Image representing "women in leadership" counseling service offered by Jenai Wu Steinkeller.

Women in Leadership

Understanding and working with the unique challenges facing women in leadership roles.

Depersonalization and objectification are realities that many women face in the workplace. Even in the most supportive environments women leaders and managers may face stereotypes and biases that inhibit their ability to excel.

Psychological growth and emotional development are key to managing the pressures and responsibilities of leadership, and must often occur rapidly if one’s professional credibility is to prevail. By using coaching or psychotherapy as a sounding board, women in leadership positions may benefit from new insights and perspectives, and help to facilitate their growth and development during a critical period of life.

The number of women in today’s workforce is beginning to exceed that of men, yet women in leadership positions still face uniquely challenging obstacles. Social and demographic change can be rapid, but attitudes and psychology do not necessarily follow so swiftly.

With more power and responsibility comes unexpected psychological conflicts and the awakening of dormant emotional patterns. Just as being a parent for the first time can evoke both new and deeply old psychodynamics, so can the challenges of being boss, of managing conflict, and of leading effectively.

Dr. Wu’s approach in helping women in leadership roles to meet the unique challenges facing them is to provide an environment in which they can explore and identify the external attitudes and internal emotional patterns that may hamper their leadership responsibilities and their professional development.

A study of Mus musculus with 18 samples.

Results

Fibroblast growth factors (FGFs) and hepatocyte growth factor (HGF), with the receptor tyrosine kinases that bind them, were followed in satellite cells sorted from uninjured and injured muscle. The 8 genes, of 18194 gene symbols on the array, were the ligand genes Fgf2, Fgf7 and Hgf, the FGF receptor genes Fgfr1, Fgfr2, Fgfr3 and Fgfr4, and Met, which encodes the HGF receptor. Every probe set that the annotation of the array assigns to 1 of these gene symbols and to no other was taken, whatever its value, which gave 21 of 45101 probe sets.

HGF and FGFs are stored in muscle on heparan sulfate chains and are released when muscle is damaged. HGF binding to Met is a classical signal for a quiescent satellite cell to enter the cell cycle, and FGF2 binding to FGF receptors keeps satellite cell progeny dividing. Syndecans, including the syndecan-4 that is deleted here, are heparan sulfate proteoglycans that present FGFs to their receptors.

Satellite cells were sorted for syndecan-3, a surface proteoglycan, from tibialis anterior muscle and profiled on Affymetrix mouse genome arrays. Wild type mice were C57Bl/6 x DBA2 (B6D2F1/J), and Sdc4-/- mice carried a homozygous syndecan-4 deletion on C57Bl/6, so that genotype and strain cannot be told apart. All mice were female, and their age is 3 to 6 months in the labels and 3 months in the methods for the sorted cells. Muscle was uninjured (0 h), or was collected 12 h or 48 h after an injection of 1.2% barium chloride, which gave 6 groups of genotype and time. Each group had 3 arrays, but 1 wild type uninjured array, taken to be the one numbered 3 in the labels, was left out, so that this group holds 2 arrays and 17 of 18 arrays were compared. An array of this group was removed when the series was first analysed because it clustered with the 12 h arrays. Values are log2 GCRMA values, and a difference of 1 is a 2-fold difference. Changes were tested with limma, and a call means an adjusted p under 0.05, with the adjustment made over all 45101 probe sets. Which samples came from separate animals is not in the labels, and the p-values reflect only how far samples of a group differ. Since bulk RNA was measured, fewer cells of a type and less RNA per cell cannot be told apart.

Suggested Reading for Women & Leadership

Brescoll, V. L., & Uhlmann, E. L. (2008). Can an angry woman get ahead? Status conferral, gender, and expression of emotion in the workplace.: Psychological Science, 19(3), 268-275.

Fels, A. (2004). Do women lack ambition?: Harvard Business Review.

Fletcher, J. K. (2001). Disappearing acts: Gender, power, and relational practice at work.: The MIT Press.

Fletcher, J. K., Jordan, J. V., & Miller, J. B. (2000). Women and the workplace: Applications of a psychodynamic theory.: The American journal of psychoanalysis, 60(3), 243-261.

Hewlett, S. (2002). Executive women and the myth of having it all.: Harvard Business Review.

Hochschild, A., & Machung, A. (1983). The second shift: Working parents and the revolution at home.: Family in Transition, editied by Arlene and Jerome Skolnick (Boston: Allyn and Bacon, 1989).

Jamieson, K. H. (1995). Beyond the double bind: Women and leadership.: Oxford University Press, USA.

Suggested Reading for Women & Negotiation

Kolb, D. M., & Coolidge, G. G. (2001). Her place at the table: A consideration of gender issues in negotiation.: The Negotiation Sourcebook, 259.

Keashly, L. (1994). Gender and conflict: What does psychological research tell us.: Conflict and gender, 167-190.

Tannen, D. (1994). Talking from 9 to 5: Women and men in the workplace: Language sex and power.: Harper Paperbacks.

Tannen, D. (2001). You just don’t understand: Women and men in conversation.: Harper Paperbacks.